The tide of data never stops rising, and the sources of data never stop multiplying, and legal practitioners must somehow find a way to analyze it. Finding a way that is efficient and effective requires understanding the tools and techniques available to you so you can leverage the right ones.
Many attorneys dream of one day landing a coveted General Counsel position because it’s considered the career pinnacle for in-house counsel. To help inform these job-seekers, I’ve asked successful GCs and CLOs about their tips and suggestions for attorneys aspiring to reach the top seat in a corporate legal department.
Microsoft 365 was already widely-used before 2020, and the rise of remote work since then has caused adoption of this cloud-based solution to rapidly increase. Today, understanding the functionalities – and limitations – of the Microsoft 365 environment and its discovery tools has become essential for legal teams.
On any new matter, an eDiscovery professional must assess the project’s goals and whether CAL can be leveraged to help achieve those goals. When considering CAL, there are three main decision points: deciding whether to use CAL, deciding how to use CAL, and deciding when your CAL process is complete.
As the world’s economies continue to reach across borders, US counsel representing companies of all sizes are more frequently required to gather data from other countries. This paper provides those counsel with practical guidance regarding the logistical and operational challenges that arise in a typical matter requiring cross-border discovery.
As eDiscovery expands to include social media, mobile apps, collaboration tools, and more, understanding and conducting effective legal holds is more critical than ever. Done properly, legal holds set the stage for efficient and accurate matter management. Conducted without direction, legal holds can become a minefield for litigants.
As an in-house attorney, eDiscovery can often feel like a distraction from the substantive work you want to be doing, but successfully managing eDiscovery – including choosing the right partners – can result in finding better information, more quickly, and less expensively across all your matters.
Summary Losing a key employee is never easy. They often take with them institutional knowledge, important relationships, and critical skill sets. All this is enough of a challenge, but if they also take
Managing eDiscovery matters without a plan is like trying to navigate a major city without directions – chaotic, inefficient, and unlikely to get you where you wanted to go. Taking the time to scope and plan will help you understand where you need to go and how best to get there.
Legal professionals give a lot of lip service to the importance of diversity and inclusion, yet moving the needle in those areas is challenging. Fortunately, there are ways you can change biased hiring and professional practices in order to transform your organization into a more inclusive and prosperous business.
The majority of eDiscovery work takes place in the context of litigation, but a significant amount of it takes place instead in the context of investigations. Although the available ESI and eDiscovery technologies are the same, the realities of handling investigations can be different in some ways important ways.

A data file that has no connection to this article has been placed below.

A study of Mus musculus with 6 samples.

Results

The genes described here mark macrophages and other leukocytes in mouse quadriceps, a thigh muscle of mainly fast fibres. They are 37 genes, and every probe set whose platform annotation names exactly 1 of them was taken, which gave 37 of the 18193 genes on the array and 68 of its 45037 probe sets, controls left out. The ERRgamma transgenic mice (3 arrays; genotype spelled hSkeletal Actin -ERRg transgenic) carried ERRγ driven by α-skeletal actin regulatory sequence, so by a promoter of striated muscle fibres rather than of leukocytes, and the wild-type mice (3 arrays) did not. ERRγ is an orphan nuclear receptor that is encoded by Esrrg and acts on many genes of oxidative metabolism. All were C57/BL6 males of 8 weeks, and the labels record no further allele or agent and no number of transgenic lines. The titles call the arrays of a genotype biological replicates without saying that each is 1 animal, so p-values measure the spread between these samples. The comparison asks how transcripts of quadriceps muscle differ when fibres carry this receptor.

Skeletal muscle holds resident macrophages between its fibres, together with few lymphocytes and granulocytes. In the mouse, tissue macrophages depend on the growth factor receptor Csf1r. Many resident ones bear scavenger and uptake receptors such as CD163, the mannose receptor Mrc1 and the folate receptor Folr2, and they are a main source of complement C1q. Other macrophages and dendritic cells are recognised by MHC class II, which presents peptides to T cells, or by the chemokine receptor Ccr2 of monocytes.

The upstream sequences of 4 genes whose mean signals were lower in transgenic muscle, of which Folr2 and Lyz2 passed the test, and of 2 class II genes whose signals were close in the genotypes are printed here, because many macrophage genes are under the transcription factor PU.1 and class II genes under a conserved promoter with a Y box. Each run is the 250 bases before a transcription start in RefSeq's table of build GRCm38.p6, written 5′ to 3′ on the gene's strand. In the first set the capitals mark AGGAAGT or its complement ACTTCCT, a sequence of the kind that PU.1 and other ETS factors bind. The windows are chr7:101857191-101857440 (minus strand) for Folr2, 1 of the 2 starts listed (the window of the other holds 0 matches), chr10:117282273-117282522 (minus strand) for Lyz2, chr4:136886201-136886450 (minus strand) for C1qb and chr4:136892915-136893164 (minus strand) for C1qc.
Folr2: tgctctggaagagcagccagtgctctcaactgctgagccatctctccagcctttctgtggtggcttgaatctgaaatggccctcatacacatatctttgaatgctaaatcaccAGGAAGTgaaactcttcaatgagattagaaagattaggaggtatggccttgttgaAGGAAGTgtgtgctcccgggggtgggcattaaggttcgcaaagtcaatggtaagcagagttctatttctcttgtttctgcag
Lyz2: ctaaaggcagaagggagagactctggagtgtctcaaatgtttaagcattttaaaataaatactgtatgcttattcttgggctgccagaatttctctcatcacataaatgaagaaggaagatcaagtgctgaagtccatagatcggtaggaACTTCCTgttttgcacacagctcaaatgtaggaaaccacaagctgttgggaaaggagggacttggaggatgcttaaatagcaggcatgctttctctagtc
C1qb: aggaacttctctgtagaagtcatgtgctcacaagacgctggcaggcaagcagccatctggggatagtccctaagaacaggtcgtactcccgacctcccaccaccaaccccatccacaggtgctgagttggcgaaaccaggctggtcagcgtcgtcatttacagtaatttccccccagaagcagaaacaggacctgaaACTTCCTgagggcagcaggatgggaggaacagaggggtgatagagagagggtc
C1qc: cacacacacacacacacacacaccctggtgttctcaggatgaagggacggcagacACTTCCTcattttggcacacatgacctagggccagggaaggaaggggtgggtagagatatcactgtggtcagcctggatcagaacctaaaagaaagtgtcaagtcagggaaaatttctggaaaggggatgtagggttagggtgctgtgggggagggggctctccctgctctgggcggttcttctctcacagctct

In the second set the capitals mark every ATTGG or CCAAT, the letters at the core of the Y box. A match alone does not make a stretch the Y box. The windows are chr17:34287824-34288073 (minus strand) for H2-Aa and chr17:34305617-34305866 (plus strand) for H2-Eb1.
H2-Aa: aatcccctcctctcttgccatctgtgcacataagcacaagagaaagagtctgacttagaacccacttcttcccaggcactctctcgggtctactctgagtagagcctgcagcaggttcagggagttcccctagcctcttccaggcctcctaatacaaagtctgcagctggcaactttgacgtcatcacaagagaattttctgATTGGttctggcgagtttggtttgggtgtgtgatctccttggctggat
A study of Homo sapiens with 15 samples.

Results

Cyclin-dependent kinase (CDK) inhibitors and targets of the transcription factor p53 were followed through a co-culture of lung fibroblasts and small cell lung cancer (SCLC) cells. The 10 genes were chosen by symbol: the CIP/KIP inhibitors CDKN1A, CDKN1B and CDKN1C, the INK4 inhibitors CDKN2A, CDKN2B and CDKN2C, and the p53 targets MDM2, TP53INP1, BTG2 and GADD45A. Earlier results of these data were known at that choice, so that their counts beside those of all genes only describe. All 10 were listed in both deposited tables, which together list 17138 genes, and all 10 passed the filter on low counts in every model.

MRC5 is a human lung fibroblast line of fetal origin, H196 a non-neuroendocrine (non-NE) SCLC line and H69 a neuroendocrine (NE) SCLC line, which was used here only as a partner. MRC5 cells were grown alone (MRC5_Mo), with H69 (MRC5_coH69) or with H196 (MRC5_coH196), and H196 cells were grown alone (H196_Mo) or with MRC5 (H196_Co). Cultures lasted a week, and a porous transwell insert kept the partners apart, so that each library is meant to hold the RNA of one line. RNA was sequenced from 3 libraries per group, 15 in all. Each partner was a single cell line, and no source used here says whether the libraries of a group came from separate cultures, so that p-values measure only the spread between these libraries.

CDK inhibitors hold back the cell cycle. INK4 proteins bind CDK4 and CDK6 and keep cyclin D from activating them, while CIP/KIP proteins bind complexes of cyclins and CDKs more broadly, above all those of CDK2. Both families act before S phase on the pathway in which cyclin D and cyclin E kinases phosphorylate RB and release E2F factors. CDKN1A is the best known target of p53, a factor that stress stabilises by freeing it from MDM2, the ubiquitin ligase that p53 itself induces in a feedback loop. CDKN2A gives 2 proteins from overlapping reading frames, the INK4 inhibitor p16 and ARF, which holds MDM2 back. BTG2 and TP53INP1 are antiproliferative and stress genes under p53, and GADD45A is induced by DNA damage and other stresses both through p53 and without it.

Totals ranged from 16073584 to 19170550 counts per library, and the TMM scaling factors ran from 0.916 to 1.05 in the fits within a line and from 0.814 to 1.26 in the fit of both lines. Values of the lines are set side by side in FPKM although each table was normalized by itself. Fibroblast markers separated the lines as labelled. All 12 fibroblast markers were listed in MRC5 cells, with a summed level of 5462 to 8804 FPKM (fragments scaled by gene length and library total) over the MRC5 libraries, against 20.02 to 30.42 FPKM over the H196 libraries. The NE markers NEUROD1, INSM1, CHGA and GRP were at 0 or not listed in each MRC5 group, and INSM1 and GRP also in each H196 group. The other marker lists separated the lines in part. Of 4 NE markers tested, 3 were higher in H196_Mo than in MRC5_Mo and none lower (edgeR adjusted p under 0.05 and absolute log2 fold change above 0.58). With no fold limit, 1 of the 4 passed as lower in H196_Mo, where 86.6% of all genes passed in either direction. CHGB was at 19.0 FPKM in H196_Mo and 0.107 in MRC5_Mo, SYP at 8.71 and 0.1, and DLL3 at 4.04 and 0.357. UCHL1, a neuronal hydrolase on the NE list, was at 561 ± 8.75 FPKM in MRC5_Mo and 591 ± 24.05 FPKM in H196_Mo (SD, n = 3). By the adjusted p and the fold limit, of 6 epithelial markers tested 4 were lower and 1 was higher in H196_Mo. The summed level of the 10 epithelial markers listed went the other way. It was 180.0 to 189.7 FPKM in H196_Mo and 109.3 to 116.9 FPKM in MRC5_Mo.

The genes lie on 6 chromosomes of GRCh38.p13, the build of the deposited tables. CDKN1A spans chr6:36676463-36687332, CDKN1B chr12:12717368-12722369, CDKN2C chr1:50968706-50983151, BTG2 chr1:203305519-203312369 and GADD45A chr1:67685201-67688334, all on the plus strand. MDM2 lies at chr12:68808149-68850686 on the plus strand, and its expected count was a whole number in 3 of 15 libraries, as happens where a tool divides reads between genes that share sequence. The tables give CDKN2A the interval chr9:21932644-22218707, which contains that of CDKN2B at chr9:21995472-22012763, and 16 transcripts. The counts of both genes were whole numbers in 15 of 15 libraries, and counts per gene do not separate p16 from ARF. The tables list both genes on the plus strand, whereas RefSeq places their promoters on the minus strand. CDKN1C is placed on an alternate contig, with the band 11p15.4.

In every legal team, resignations are inevitable – regardless of how valued your employees may feel. There is a lot to consider when a key employee resigns, and your first instinct may be to focus only on immediate workload, but it’s also important to make a long-term planning a priority.
Now more than ever, corporate legal leaders must look at how their in-house team is operating, evaluate how to drive efficiencies, and assess when it may be time to bring in some help. One area savvy corporate teams focus on first is their contract review and negotiation processes.
Despite years of discussion in the eDiscovery industry about the power and importance of sampling techniques – particularly in the context of technology-assisted review (TAR), many practitioners remain unfamiliar with what they can accomplish with them, and when, outside of TAR, they might do so.
No organization is immune from cyber incidents. Although helpful, minimalist data protection practices are often not enough to save organizations from costly data loss and embarrassing reputational damage. This Practice Guide reviews six strategies for mitigating the risk of cyber incidents in your organization.
Second Requests are high velocity, high volume, and high visibility — under normal circumstances. Now, as legal departments are facing an unprecedented post-pandemic economy and an ever-growing reliance on digital communication, the demands in this final merger step are higher than ever.
Due to the popularity and volume of mobile devices being used throughout the world, they have become common sources of digital evidence in litigation proceedings. It is important to understand the different types of data that can be extracted from mobile devices, mobile device backups, and the cloud.
Over the decade since TAR first rose to prominence, solutions, acronyms, and new cases have proliferated dramatically. All of this rapid technical and legal evolution has made it challenging for practitioners to get a simple handle on TAR and CAL approaches and what they mean for their matters.
If you’re human, you have biases. There’s no way to change this—the human brain is evolutionarily wired to take shortcuts. In the modern world, these shortcuts cause all of us to have implicit or unconscious biases around race, gender, and other inherent characteristics of our fellow humans.
The metrics-tracking legal department gains actionable insights that it can apply not only to internal operations but also to broader, corporate-wide assessments that impact decision-making.